As geothermal heating and cooling systems go, an open loop configuration can be an excellent choice, provided the environment supports it. Open loop systems work very effectively and efficiently because the deep water is held at an almost constant temperature year round. This property makes it a very good source of heat for the geothermal system.
However, an important factor to consider before choosing an open loop system is the quality of the water coming from the source. Although you won’t drink the water, the quality still matters a great deal, as poor water quality can cause serious problems in your geothermal system.
Let’s take a look at some common water quality problems and the damage they can potentially do to an open loop geothermal system in King of Prussia.
If the water is filled with minerals — frequently called “hard water” — those minerals can be deposited within the geothermal coils. As they build up on the walls over time, they can slow the flow of the water or even clog it completely.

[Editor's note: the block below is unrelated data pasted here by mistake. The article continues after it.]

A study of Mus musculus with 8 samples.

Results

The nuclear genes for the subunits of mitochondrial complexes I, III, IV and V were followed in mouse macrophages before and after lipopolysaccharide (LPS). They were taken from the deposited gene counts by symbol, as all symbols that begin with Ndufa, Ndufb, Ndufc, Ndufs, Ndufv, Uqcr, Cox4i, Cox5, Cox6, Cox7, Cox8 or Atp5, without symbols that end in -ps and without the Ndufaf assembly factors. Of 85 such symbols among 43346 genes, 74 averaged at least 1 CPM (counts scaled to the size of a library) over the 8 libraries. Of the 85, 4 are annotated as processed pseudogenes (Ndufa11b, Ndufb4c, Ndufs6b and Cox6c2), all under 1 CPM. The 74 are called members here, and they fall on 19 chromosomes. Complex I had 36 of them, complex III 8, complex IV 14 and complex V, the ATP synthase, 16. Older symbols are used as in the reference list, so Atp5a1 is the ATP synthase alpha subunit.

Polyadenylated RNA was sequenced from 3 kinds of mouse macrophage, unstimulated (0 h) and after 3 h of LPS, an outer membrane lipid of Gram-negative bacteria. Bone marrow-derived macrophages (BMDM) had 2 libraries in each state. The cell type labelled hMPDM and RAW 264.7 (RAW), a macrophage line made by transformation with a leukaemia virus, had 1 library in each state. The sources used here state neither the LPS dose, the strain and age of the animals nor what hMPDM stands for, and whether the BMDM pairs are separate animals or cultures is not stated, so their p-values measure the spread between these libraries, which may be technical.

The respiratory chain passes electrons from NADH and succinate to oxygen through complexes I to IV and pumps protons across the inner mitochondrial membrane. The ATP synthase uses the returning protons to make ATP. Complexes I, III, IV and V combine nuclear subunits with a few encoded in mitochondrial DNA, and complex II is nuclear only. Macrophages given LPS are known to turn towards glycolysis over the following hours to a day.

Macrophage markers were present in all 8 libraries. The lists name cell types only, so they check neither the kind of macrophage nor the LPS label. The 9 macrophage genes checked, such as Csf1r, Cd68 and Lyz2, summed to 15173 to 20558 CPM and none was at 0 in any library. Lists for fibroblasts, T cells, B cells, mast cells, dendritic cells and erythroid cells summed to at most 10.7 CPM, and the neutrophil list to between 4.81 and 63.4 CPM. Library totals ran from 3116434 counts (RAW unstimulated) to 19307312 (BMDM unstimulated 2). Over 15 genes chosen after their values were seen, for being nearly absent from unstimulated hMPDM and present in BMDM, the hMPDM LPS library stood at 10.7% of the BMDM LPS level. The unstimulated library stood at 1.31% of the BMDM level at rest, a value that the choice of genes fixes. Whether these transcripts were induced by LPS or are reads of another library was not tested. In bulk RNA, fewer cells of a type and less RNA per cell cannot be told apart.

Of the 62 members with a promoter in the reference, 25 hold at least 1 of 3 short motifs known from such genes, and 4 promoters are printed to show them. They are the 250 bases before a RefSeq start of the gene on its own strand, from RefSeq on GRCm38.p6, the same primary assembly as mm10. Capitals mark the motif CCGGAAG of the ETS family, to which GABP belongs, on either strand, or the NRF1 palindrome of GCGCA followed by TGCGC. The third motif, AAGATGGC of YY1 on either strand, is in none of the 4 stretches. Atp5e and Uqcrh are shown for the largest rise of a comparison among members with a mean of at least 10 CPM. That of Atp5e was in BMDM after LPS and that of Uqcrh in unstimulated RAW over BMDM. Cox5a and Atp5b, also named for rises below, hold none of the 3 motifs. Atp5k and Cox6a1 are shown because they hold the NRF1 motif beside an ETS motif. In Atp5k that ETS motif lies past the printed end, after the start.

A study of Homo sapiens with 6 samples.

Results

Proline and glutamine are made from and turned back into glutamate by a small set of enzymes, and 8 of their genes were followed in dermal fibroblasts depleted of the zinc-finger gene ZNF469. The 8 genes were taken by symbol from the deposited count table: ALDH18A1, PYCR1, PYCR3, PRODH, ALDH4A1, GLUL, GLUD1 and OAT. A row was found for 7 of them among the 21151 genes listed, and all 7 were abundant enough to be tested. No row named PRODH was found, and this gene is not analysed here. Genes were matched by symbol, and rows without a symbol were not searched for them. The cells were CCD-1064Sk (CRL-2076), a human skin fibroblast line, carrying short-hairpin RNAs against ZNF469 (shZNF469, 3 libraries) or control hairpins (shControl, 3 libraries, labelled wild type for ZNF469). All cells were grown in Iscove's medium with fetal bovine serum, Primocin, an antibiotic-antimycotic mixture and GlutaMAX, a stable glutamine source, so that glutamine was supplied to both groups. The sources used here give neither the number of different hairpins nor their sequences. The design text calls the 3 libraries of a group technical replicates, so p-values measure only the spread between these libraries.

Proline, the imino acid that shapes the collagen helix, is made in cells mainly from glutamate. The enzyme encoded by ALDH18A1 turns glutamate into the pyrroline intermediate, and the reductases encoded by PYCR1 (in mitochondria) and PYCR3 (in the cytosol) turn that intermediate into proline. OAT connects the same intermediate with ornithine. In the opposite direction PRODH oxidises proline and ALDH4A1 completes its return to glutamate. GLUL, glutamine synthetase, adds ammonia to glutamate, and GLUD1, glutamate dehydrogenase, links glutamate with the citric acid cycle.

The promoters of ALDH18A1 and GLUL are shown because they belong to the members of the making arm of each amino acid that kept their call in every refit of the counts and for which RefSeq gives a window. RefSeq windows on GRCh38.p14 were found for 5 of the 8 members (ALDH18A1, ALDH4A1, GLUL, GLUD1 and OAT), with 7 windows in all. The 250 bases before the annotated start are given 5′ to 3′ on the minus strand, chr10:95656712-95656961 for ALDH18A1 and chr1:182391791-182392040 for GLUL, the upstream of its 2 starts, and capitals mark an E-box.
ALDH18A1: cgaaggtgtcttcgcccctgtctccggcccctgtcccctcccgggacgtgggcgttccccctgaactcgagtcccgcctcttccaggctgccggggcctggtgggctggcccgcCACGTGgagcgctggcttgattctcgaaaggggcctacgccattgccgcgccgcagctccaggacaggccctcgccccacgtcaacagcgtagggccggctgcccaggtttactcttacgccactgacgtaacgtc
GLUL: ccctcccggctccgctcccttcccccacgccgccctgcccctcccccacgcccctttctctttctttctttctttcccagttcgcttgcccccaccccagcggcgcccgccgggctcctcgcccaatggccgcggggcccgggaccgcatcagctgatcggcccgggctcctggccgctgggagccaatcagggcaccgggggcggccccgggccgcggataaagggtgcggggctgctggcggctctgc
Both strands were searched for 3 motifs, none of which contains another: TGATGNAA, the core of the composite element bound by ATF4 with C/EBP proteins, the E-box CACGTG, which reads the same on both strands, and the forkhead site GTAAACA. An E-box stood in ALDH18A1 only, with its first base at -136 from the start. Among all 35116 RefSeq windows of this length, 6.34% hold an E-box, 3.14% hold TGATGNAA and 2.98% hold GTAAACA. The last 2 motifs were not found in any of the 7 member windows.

Hard water does not necessarily preclude the use of an open loop system. It just may call for extra maintenance, such as periodically flushing the system with a mild acid solution to remove mineral build-up.
Impurities in water, especially metals like iron, can also cause clogs. Most frequently this occurs in the return well of the geothermal system. Again, these impurities do not necessarily mean an open loop system can’t work for you, but you should consult with the contractor prior to installation for solutions to this problem.
Particulate and Organic Matter
If you plan to use surface water such as a pond or spring as the source for your open loop system, make sure to test the water composition thoroughly. An excess of sediment or organic matter can clog up your geothermal system very quickly.
Ideally, these are all situations that your King of Prussia geothermal contractor will anticipate and discuss with you ahead of time, so that your open loop system can be installed in such a way as to preempt any problems with water quality.